Devastated residents whose homes and businesses were destroyed by the Boxing Day floods are still feeling the effects six months on.
For them, it will come as scant reassurance to hear it could happen again, as a report claimed today that the Government is failing to protect communities at risk.
MPs have warned that the current ‘reactive’ approach to flooding isn’t enough. And for businesses still picking up the pieces after the Boxing Day floods, more needs to be done.
“I don’t know a lot about the politics of it all,” said hairdresser Paula Marr of Tadcaster, whose business re-opened just a fortnight ago after nearly six months of work. “But I know we do need something in place.
“There have been days when I thought ‘I can’t carry on’. My team, and my family, kept me going. They’ve been fantastic. But something needs to be done.”
Mrs Marr’s business, Genesis Hair Design, was overwhelmed by four feet of floodwater in the Boxing Day deluge which swept away the town’s ancient bridge over the River Wharfe.
“It was unbelievable,” the 43-year-old said. “What could we do but watch it happen?
“It was just a wave. A river, running down the lane.
“Thankfully our clients followed us,” she added.
“We’ve had all the trauma and now we’re nearly there. We are slowly recovering. We’ve no choice but to carry on.”
Although the majority of the clean up effort is now complete, the floods will leave a lasting - and unwelcome - legacy.
“We can’t now get flood insurance,” said Mrs Marr. “My contents premium has doubled. I’ve worked here for 26 years, we’ve never had flooding before.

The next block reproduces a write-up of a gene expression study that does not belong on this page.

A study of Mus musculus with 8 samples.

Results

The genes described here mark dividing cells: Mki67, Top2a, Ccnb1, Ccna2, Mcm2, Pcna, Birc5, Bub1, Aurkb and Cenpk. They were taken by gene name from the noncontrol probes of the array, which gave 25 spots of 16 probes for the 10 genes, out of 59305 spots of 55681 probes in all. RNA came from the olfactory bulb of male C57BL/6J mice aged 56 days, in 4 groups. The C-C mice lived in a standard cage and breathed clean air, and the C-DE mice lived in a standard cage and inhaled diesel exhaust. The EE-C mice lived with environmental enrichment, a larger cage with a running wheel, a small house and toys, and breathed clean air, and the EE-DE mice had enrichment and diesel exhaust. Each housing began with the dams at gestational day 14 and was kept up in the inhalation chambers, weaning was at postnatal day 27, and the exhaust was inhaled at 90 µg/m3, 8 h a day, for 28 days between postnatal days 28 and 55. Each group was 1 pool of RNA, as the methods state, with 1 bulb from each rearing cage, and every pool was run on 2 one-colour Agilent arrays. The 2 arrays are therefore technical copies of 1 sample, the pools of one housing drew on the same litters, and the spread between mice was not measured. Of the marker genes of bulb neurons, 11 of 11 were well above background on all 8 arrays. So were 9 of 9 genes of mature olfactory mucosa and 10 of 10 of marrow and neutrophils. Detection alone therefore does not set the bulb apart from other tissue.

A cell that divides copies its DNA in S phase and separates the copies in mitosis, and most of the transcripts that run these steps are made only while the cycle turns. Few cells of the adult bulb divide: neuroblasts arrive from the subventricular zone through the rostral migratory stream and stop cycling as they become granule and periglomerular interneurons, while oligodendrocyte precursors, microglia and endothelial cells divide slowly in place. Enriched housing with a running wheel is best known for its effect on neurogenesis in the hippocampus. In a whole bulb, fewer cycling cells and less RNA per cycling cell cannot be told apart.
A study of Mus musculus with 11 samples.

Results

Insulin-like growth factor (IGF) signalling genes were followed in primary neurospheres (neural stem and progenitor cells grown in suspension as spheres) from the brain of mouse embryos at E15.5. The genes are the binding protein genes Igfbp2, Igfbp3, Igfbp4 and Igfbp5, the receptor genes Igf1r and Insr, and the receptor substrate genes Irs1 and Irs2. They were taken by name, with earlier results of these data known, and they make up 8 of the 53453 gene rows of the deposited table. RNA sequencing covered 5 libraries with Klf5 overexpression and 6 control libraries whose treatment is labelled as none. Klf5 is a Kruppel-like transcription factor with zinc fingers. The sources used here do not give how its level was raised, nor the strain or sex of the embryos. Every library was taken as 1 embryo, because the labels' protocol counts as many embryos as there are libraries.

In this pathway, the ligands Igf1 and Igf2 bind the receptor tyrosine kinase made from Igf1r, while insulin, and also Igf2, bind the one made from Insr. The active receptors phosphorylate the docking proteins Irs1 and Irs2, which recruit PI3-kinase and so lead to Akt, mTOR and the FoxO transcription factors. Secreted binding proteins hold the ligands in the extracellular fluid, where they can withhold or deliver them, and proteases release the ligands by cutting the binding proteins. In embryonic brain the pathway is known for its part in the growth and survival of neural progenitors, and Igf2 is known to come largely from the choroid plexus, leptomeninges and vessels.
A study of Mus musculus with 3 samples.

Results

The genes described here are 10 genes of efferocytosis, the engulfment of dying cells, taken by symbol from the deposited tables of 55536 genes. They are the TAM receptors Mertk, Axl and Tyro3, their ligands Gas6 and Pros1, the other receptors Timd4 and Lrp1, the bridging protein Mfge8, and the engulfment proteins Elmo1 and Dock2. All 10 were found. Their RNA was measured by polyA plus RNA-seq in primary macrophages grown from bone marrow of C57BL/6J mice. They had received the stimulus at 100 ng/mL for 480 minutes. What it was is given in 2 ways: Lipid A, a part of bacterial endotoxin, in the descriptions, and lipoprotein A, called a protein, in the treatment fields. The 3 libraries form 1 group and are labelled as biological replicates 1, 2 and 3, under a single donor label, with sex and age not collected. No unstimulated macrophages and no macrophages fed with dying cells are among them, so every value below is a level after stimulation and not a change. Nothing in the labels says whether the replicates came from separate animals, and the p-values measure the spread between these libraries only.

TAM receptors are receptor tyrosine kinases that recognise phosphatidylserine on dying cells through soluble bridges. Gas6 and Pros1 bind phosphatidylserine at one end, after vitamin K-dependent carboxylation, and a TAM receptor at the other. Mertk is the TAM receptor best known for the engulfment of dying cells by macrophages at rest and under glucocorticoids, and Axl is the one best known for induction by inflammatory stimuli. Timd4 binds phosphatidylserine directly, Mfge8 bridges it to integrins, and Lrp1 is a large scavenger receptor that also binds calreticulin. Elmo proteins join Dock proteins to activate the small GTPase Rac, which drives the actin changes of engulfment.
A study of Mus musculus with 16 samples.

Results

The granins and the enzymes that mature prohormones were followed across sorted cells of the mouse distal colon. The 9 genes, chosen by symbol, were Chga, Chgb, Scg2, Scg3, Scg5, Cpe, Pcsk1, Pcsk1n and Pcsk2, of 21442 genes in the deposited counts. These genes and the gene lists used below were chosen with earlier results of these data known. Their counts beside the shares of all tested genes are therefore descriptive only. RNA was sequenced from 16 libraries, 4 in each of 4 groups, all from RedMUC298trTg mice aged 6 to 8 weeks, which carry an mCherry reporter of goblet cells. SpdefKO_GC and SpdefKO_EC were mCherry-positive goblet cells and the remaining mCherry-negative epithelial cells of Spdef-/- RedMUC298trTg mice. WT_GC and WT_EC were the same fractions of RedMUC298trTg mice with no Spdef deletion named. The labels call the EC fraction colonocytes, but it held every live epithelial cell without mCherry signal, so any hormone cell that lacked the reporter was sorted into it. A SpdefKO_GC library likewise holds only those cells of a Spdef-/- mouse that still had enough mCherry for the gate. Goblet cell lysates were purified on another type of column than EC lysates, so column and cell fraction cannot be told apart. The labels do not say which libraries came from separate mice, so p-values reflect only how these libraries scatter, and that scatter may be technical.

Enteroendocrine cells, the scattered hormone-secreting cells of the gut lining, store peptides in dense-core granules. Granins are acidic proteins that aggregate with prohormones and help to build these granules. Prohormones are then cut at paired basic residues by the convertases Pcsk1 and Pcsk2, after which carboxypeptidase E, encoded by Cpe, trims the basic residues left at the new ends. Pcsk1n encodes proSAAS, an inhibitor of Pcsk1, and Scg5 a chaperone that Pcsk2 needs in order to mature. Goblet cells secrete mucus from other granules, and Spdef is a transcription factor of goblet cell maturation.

“Some people had to flee their homes. This is work for me - a new washing machine can be bought. But when it’s people’s homes, it’s harder to accept.
“A house behind me had just been sold when the floods hit, that fell through.
“A lot of people are still out of their homes and have been told they will be for 12 months.
“Locally, people have been rallying together. Everybody just put their wellies on and mucked in.
“All we can do now is hope it doesn’t happen again.”
Across the county, thousands of homes and businesses were devastated by the sudden deluge.
Many families, displaced by the floods, are still living in temporary accommodation - and have been told it could be a full year before they can go home.
York was among the worst hit, with some families having to be rescued by boat as river waters rose.
In Leeds, flooding on the scale experienced last winter had not been seen since 1866.
Research by Leeds University has found that 60 per cent of businesses are now unable to get insurance. Of the rest, 20 per cent could not afford the quote provided.
One local firm described how his flood excess had risen from £1,000 to £250,000. Another had been flooded seven times in 12 years.
Leeds City Council remains hopeful that the Government’s commitment to fund a new £40 million flood defence scheme would protect parts of the city in the future. But those worst hit by the floods aren’t so certain.
“These ‘think tanks’ and action groups take years to come into effect,” said Alex Koi, owner of Framegate off Kirkstall Road in Leeds, who had 3ft of water filling his stockroom - and who has lost around £10,000.
“I thought the council did a lot. But will they be spending enough money? Probably not.
“Is the Government really that bothered? Probably not. They are looking to cut costs now no matter what.”